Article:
Thursday, October 22, 2009

The Year of the Flood

I've read a pile of top quality novels this year including two Booker Prize winners, a Pullitzer Prize winner and the odd classic, but if I hadn't also read Roberto Bolaño's unquibblable masterpiece Los Detectives Salvajes (The Savage Detectives), this would probably have been the one that would have stood out above all the others.

It's certainly one of the most immersive stories I've ever had the pleasure of dipping myself into.

Which is odd on one level at least, because this speculative, — not sci-fi, Canada's greatest living author still demures— somewhere-down-the-track world is unapologetically contrived (as are, it has to be said, almost all the male characters living within it).

I suppose you might say it does for the future what Asterix does for the past.

But this ironic conjecture, both a projection of things that could happen and things which might already have happened, is but the background tier of this complex, multi-layered novel of ideas — and Atwood cleverly offsets against it her sympathetic depiction of the two central female characters, Toby and Ren, and the the themes of friendship and loyalty that she explores with them. All this lays down a base of empathetic glue that committed me almost unerringly to her imaginative vision as the narrative jumps from dystopia to apocalypse and back again.

Perhaps Atwood's greater achievement here was to locate within this somewhat cartoonish (or maybe graphic novel-ish) sci-fi scenario a far deeper creative achievement: a fully-realised religious sect calling themselves God's Gardeners, complete with their own hymn book (set to music on the audio version) and a theology which neatly splices Abrahamic faith with scientific doctrine on matters such as macro-level evolution. Could such a thing really happen? It's compelling, disconcerting even. My mind tells me that it's unlikely, but I have yet to reason my way out of it.

On the Mayo Book Review podcast, Boyd Hilton, another self-confessed atheist, had a similar finding. Everything they say is mumbo-jumbo, but there's a nevertheless an underlying right-headedness about their approach to the impending environmental catastrophe. And whilst the author pokes fun at the solemnity of sect-founder Adam One, she dextrously maintains our sympathy for the communitarian and vegetarian approach of this community through Ren and Toby, neither of whom is guided by the blinding faith of the convert. (I would myself liken the experience to watching Little House on the Prairie. You just can't help rooting for this hard-pressed bunch of believers!)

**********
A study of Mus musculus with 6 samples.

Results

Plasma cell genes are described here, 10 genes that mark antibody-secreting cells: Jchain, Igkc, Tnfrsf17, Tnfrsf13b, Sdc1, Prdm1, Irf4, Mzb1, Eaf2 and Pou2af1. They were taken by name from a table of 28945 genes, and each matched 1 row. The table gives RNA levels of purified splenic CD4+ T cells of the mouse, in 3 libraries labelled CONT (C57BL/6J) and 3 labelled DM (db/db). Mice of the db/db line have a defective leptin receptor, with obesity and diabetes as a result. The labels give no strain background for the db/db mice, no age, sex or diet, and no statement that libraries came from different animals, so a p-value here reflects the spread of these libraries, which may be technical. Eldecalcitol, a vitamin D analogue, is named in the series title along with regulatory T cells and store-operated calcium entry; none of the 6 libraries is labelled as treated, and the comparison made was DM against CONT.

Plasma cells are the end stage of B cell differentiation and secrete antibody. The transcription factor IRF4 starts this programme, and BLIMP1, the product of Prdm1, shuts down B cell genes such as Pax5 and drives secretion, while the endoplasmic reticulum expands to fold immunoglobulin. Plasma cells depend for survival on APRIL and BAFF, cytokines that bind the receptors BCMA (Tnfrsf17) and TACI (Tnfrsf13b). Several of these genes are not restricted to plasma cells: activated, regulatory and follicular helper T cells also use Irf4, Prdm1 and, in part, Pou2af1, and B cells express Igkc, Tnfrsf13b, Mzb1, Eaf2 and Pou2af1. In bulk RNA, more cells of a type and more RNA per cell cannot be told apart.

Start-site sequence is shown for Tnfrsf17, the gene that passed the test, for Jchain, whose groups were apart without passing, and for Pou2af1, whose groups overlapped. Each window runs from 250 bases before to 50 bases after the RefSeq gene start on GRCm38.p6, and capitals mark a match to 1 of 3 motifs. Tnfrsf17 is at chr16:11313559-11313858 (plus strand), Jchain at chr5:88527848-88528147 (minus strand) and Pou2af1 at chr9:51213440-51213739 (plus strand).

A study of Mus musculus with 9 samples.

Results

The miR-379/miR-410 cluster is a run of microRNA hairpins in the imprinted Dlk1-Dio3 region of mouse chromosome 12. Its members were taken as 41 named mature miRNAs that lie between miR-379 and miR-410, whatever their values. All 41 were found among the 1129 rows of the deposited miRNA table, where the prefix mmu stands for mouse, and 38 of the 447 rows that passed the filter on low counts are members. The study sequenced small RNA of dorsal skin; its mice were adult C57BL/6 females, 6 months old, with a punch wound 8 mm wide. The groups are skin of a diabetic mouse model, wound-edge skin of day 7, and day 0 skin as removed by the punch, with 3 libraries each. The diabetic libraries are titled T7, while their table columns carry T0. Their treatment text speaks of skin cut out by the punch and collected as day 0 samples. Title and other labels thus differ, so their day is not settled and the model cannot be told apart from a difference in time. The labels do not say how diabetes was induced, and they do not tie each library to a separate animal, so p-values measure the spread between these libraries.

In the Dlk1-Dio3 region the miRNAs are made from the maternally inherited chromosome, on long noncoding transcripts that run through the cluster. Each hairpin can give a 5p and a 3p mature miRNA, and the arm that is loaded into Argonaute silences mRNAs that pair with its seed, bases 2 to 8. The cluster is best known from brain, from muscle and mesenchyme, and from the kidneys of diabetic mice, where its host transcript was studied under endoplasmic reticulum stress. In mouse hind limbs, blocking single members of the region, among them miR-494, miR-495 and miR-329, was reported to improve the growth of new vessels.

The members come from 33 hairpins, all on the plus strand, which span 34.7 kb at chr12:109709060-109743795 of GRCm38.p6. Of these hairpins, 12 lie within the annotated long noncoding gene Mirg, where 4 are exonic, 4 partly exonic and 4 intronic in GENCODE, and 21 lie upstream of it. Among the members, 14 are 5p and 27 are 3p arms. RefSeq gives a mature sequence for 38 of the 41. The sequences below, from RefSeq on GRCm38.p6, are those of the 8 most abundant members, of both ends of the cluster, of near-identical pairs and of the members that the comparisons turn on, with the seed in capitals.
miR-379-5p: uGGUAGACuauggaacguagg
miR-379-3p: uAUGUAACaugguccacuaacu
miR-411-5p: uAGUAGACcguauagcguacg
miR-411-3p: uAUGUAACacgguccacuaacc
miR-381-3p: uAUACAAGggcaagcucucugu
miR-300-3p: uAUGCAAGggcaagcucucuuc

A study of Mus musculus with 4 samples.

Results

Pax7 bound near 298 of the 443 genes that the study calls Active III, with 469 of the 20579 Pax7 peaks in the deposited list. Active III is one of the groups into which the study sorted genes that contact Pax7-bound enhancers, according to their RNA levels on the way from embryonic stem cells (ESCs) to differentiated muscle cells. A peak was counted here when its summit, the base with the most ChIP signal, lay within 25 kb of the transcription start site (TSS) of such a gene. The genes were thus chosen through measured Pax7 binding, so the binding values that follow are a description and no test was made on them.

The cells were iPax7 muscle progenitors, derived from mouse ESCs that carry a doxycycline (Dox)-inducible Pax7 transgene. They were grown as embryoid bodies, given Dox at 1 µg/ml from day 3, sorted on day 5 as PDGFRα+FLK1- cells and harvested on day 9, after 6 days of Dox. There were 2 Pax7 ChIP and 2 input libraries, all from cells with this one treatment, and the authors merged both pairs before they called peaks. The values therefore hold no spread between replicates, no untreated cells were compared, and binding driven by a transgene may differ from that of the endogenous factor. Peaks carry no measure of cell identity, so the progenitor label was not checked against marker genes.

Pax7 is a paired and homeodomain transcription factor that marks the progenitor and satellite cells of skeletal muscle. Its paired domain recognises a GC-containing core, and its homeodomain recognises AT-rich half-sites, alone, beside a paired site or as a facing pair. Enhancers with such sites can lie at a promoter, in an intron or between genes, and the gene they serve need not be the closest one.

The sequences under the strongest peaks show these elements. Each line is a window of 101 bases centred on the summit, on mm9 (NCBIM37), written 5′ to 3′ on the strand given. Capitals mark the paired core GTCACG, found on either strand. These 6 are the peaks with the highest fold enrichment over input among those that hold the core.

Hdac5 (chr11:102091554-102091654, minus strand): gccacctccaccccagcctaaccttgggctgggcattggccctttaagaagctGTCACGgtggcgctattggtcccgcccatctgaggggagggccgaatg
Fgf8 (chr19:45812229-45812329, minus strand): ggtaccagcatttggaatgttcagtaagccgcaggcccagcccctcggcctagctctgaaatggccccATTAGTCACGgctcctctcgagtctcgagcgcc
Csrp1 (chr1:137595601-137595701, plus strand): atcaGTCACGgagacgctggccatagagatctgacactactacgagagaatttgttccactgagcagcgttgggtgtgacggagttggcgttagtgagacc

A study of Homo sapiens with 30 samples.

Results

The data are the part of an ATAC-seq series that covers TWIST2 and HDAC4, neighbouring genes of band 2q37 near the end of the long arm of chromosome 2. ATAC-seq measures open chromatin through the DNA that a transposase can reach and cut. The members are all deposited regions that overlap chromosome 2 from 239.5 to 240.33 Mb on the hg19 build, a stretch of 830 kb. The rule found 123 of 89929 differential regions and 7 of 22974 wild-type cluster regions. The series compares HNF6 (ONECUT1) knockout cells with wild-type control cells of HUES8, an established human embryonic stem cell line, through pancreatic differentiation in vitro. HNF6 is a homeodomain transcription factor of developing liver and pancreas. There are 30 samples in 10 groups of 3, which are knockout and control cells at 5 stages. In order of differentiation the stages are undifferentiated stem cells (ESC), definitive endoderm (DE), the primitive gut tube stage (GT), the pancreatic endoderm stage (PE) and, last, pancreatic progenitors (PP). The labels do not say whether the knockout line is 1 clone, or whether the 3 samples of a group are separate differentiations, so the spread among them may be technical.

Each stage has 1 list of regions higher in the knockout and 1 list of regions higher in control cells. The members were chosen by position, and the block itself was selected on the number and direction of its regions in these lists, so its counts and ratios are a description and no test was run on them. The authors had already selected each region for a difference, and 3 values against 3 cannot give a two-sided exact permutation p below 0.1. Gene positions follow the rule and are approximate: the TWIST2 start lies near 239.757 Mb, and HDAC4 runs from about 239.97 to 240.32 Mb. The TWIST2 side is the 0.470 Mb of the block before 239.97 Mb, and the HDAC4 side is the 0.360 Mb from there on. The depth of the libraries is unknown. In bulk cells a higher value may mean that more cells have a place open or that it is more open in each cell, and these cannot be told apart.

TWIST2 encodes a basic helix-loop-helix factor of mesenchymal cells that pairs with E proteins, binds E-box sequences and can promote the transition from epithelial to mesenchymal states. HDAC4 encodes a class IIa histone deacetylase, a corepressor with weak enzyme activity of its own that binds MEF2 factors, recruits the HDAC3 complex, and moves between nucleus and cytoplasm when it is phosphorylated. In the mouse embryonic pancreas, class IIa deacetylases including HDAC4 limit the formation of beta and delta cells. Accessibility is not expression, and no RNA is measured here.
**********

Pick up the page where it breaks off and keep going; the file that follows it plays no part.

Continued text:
The starting point for both of the narrative strands is the 'waterless flood' that the Gardeners have long anticipated: a viral pandemic which sweeps away most of human kind...though is strangely ineffective against almost all the characters, primary and secondary, that Atwood is about to introduce us to. We are however given to understand that Toby and Ren owe their survival largely to their comparative isolation at the time of the outbreak.

Readers of Atwood's 2003 novel Oryx and Crake (I'm not one of them yet) will apparently be aware how this super bug got going. Atwood describes The Year of The Flood as a 'simultaneul' to her earlier work, borrowing some of its characters, but generally presenting events as occurring "meanwhile..."

It was slightly disappointing for me to learn that the deadly plague wasn't necessarily a direct consequence of all the bad stuff going on in the world beforehand. This amounts to very much a North American dystopia, where the logic of mass production has resulted in a melding of the state and he big corporations, and one has little inkling about what might be going on in those economies that will supposedly rule the roost not long from now, such as China and India.

And yet this is a late stage form of capitalism which in some important ways resembles the early-stage version Aravind Adiga sends up in The White Tiger, for here too the wealthy and the white-collared live enclosed within compounds while the rest of the population are consigned to the 'plebelands', Atwood's equivalent of 'the darkness'. Is Atwood suggesting that it is the inevitable course of the West to revert to the fundamental inequalities it experienced in an earlier stage of its development?

In anticipation that some of her readers, myself included, would be sad to leave this world after turning the final page, Atwood has been on tour delivering a fuller experience, including a full-featured website, hymn recitals and the promotion of 'shade-grown' coffee (Is it really that easy to grow without shade then?) The author has also promised to go and stay veggie for the duration of this multi-stop trip.

I have to say that I've been left a little confundido with the blend of commercialism and anti-commercialism, religion and anti-religion indicated by Margaret Atwood's promotional scheme for this book.

The corporate nasties in the novel include both the irredeemable Secret Burger Co. and a Starbucks clone which also seems to be making those familiar, very marketable token gestures for helping producers and the environment, so I rather gathered that Atwood was au fait with how companies (and sects) co-opt all that into their discourse without having any real impact on the deeper issues.